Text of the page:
I' thinking DC/DC converter, rather than "power supply." The input is batteries, not wall A/C. The battery chemistry is typically LiPo, sometimes LiFePO4, and very unlikely to be NiMH or SLA these days.
So, problems I've solved myself because I couldn't buy ready-made solutions for them:
- Input is 4S LiPo, so between 12.8V and 16.8V. Output is 19V +/- 5%. Output current is 3.5A max.
- Input is 4S LiPo. Output is 12V +/- 5%. Output current is up to 30 A.
- Input is 3S LiPo, so between 12.6V and 9.6V. Output is 12V +/- 5%. Output current is up to 10A.
- Soft/remote on/off for up to 30 A.
Things I like, in general:
- High-efficiency switching converters. 90% is needed; 95% is good.
- High current capacity! Motors draw lots of power, as do high-capacity computers.
- Wide input range -- anything from 2S to 6S LiPo would be ideal. If you can't get sufficient efficiency with buck/boost or CUK or similar topology, step-down-only is acceptable.
- Constant current limiting -- rather than hiccupping, and resetting my entire system, letting the voltage drop and emit a warning when current draw goes over the design limit.
- Robust -- should be able to run at stated capacity in an indoors environment for an hour without overheating; this includes running in current-limited mode for an hour.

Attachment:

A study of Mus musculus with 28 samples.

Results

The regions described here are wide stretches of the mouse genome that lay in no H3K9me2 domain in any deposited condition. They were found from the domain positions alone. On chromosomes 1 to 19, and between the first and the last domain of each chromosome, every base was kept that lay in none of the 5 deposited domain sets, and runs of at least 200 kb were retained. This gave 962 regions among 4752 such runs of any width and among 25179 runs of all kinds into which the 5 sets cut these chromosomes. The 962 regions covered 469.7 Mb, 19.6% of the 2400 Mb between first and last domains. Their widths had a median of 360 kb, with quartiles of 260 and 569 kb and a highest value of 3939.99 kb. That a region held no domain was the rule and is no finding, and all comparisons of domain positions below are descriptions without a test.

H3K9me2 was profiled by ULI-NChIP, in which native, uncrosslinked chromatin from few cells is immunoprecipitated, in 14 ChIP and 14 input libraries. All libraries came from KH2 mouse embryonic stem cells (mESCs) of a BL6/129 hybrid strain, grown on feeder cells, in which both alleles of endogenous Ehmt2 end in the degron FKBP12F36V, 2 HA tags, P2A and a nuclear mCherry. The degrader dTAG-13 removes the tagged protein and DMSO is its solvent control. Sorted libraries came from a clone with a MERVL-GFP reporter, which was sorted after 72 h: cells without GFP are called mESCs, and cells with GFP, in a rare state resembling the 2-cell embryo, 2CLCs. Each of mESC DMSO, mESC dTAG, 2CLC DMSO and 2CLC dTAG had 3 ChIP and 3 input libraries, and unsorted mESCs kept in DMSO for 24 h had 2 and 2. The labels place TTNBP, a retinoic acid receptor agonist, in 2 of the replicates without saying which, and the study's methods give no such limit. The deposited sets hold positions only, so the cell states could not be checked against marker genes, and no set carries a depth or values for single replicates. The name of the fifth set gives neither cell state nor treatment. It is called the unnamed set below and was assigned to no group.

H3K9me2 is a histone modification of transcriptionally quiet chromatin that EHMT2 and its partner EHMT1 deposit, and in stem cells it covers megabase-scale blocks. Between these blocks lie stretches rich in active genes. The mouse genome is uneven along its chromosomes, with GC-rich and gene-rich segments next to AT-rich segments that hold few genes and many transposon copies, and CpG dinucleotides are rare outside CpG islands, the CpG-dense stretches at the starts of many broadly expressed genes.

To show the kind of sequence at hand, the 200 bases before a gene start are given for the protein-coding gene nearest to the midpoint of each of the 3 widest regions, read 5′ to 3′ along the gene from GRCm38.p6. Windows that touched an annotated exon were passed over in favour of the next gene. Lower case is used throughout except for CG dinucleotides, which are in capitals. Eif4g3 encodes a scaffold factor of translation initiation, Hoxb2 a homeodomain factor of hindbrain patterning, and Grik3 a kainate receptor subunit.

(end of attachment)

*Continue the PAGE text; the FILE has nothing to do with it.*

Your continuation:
- Matching to particular power needs. 12V is common in industry, but 19V is also common for laptops/computers and not readily available off the shelf.
- LiPo power awareness -- warn when voltage is at 3.4V per cell, and turn off when voltage is at 3.2V per cell.
- Latching remote off (and, ideally, on.)
- Adjustable output voltage. In some designs, allowing any output voltage between, say, Vbat/2 and Vbat, isn't that hard to design in, and would be a useful feature.
- High-current connectors. Dean-style T-connectors, or XC-60 bullet connectors would be great. Screw terminals are good, too, if they're rated for sufficient current.
Some of these requirements are a bit conflicting -- especially the connectivity and supply range versus weight ones. I'd rather go for an open frame converter with bare solder holes, and add whatever shield/cabling is needed myself, than find myself with a steel-encased, screw-clamped supply that adds half a pound of extra weight.